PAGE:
Morpol ASA( Public, OSL:MORPOL) is a Norway-based company involved in the processing of salmon. It is involved in purchasing, processing, packaging, sales and distribution of smoked, marinated, fresh and frozen salmon and other fish products. The Company specializes in smoked salmon and marinated salmon. Its product range mainly comprises cold and hot smoked salmon from Atlantic salmon farmed in Norway and Scotland, organic Atlantic salmon from Ireland, and wild sockeye salmon, Marine Stewardship Certified (MSC)-certified, from the Pacific coast of Alaska. Morpol offers branded and private label seafood products for retail, as well as fresh or frozen products for food service. It is present in Europe, the United States and Asia. It holds a 99.94% stake in a Polish joint stock company Morpol SA, which further owns eight subsidiaries.
Oslo, 13 January 2011: Morpol ASA ("Morpol") has entered an agreement to buy 100% of the shares in Jøkelfjord Laks AS. The agreement values the company at an enterprise value of NOK 490 million.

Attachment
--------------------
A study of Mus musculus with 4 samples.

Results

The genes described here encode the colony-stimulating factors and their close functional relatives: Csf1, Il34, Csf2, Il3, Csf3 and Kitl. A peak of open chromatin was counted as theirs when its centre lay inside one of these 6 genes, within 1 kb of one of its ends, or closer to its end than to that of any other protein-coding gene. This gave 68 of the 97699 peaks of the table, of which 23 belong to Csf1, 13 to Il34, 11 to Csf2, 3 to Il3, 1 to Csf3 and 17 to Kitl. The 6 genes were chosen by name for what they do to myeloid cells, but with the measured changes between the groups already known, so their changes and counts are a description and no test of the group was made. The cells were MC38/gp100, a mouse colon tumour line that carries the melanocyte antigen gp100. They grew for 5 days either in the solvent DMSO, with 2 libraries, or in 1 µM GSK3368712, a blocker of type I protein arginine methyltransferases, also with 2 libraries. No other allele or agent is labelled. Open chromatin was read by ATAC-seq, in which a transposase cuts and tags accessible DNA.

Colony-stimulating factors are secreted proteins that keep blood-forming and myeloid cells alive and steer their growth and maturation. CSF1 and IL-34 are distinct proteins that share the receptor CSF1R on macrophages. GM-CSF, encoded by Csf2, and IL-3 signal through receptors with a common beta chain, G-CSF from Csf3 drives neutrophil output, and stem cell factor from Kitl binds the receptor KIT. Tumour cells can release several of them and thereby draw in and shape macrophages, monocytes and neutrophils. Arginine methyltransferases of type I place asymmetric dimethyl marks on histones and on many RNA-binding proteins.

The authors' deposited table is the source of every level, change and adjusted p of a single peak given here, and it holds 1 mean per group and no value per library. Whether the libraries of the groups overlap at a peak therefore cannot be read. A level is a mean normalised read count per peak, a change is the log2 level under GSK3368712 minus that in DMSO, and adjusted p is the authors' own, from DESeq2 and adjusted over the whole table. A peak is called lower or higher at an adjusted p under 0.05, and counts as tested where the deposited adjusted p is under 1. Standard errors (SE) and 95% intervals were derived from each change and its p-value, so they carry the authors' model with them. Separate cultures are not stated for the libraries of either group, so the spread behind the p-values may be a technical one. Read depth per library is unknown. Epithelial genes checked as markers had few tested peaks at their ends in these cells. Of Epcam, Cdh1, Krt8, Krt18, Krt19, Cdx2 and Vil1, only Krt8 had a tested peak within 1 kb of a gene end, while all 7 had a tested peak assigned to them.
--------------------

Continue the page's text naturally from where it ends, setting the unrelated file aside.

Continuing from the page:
Bergen, 17 December 2012: The Board of Directors of Marine Harvest has entered into an agreement with Friendmall Ltd. and Bazmonta Holding Ltd. to acquire 48.5% of the shares in Morpol ASA for NOK 11.50 per share. Marine Harvest intends to submit a mandatory offer for the remaining shares in Morpol.
Bergen,1 October 2013: The EU Commission has approved the Morpol transaction. This is an important step towards our goal of becoming a fully integrated protein company.-Marine Harvest is very pleased to announce that Morpol now will become part of the Marine Harvest Group, says CEO of Marine Harvest
Anoxia and ocean warming cause scallop death Peru
A study on the status of the environmental quality of the bay of Pisco-Paracas conducted by the Instituto del Mar del Peru revealed that the recent mass death of scallops recorded in the area was due to the lack of oxygen and to high water temperature.
BPA found to adversely affect fish reproduction United States
Fish exposed to the endocrine-disrupting chemical bisphenol A (BPA) can pass adverse reproductive effects onto their offspring up to three generations later, shows a new scientific study.